Education pioneer Beryl Gilroy's archive to be made public

'Rich resource' shows life of one of first black headteachers

Monday, 28th March — By Tom Foot

beryl Gilroy cammarch Image 2022-03-25 at 15.12.44

Beryl Gilroy was head at West Hampstead Primary School, formerly know as Beckford



UNPUBLISHED manuscripts by an inspirational headteacher are to be made public in a new archive obtained by the British Library.

Beryl Gilroy, who ran Beckford School in the 1970s, was one of the first black headteachers in this country.

But she was also celebrated for a large body of fiction and non-fiction about women, children and migration.

Her daughter Professor Darla-Jane Gilroy, who lives in West Hampstead, said: “Beryl Gilroy entered Britain at a moment when the stars aligned. Not only did she witness the birth of multicultural Britain, but she was also a participant.

“Through her resilience she became a role model for other women. As a gifted Froebel-trained teacher, she embraced the challenges of the multicultural classroom making a significant contribution to British education. Through her pioneering counselling work, she explored the implications and effects of human diversity.

“I am delighted that her literary archive has been acquired by the British Library and will be made available to inspire a new generation of trailblazers to forge a more equitable and socially just world.”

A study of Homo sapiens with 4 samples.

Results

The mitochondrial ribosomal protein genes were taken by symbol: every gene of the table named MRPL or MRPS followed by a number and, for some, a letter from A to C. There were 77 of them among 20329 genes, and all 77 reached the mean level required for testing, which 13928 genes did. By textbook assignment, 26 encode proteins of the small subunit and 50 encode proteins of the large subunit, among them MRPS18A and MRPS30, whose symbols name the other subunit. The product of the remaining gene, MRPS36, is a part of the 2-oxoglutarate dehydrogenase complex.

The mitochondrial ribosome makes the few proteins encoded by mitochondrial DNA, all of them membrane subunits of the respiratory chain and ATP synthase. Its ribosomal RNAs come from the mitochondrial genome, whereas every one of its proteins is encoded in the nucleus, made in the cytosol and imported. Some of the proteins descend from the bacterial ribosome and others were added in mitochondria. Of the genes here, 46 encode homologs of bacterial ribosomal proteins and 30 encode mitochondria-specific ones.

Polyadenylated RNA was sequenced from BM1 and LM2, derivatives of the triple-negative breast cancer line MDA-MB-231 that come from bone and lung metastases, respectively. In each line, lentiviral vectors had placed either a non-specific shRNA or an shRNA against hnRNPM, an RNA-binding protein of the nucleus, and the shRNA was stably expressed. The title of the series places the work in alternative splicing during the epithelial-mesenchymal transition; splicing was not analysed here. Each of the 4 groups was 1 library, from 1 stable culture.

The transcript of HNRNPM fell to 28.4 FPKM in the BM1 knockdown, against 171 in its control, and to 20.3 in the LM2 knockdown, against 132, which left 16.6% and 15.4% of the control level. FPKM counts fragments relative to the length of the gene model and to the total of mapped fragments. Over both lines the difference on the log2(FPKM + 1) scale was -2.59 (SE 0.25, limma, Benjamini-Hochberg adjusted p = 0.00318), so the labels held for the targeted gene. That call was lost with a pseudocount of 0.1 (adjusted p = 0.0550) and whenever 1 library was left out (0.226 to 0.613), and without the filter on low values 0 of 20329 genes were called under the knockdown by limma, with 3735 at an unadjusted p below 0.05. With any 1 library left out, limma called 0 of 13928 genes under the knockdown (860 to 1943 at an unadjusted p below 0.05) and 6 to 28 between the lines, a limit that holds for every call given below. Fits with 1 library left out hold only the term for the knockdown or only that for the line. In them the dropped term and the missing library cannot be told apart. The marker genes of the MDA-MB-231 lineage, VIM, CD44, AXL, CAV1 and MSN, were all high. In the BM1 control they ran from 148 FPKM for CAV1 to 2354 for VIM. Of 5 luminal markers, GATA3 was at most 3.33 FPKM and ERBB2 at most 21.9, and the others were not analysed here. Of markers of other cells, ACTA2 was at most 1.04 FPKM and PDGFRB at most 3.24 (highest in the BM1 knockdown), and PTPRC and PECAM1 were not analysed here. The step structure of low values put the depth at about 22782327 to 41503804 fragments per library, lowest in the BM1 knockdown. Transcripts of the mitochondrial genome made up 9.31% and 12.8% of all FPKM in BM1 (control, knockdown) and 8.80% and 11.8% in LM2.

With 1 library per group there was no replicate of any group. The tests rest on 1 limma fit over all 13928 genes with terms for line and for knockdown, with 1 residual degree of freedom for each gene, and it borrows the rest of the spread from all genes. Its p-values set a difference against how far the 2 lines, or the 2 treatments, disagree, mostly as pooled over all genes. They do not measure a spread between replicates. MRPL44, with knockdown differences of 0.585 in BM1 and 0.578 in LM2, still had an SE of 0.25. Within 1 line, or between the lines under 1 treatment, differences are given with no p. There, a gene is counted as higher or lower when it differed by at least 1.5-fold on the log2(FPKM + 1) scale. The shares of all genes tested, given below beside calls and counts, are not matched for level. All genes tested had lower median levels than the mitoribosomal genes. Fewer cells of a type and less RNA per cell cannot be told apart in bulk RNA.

In the wake of the Black Lives Matter protests in 2020, the council agreed to rename Beckford School after it was found to have been named after a slave-owner who made a fortune from sugar plantations in Jamaica. There were hopes it would be renamed after Ms Gilroy, but after a vote at the school the new name of West Hampstead School was chosen instead.

Ms Gilroy was born in Guyana and came to London in 1952.

The British Library has acquired her archive that includes drafts of fiction and non-fiction, letters from publishers and literary agents and a selection of books.

Her book In Praise of Love and Children is included in the handwritten manuscripts that became Sunlight on Sweet Water, a book of recollections about Ms Gilroy’s Guyanese childhood in the 1930s-40s.

There are also drafts of further unpublished works, including a book about the Gordon Riots of 1780 based on a woman named Black Harriot.

Ms Gilroy was celebrated for her 1970s Nippers children’s book series published by Macmillan and her non-fiction work on family relationships and experiences from her work as a counsellor.

Ms Gilroy’s 1976 autobiography Black Teacher was reprinted last year.

Library curator Eleanor Dickens said: “Gilroy is an important figure in so many areas – as a writer, a teacher, and a therapist – and her exceptional archive is a rich resource evidencing her life’s work.”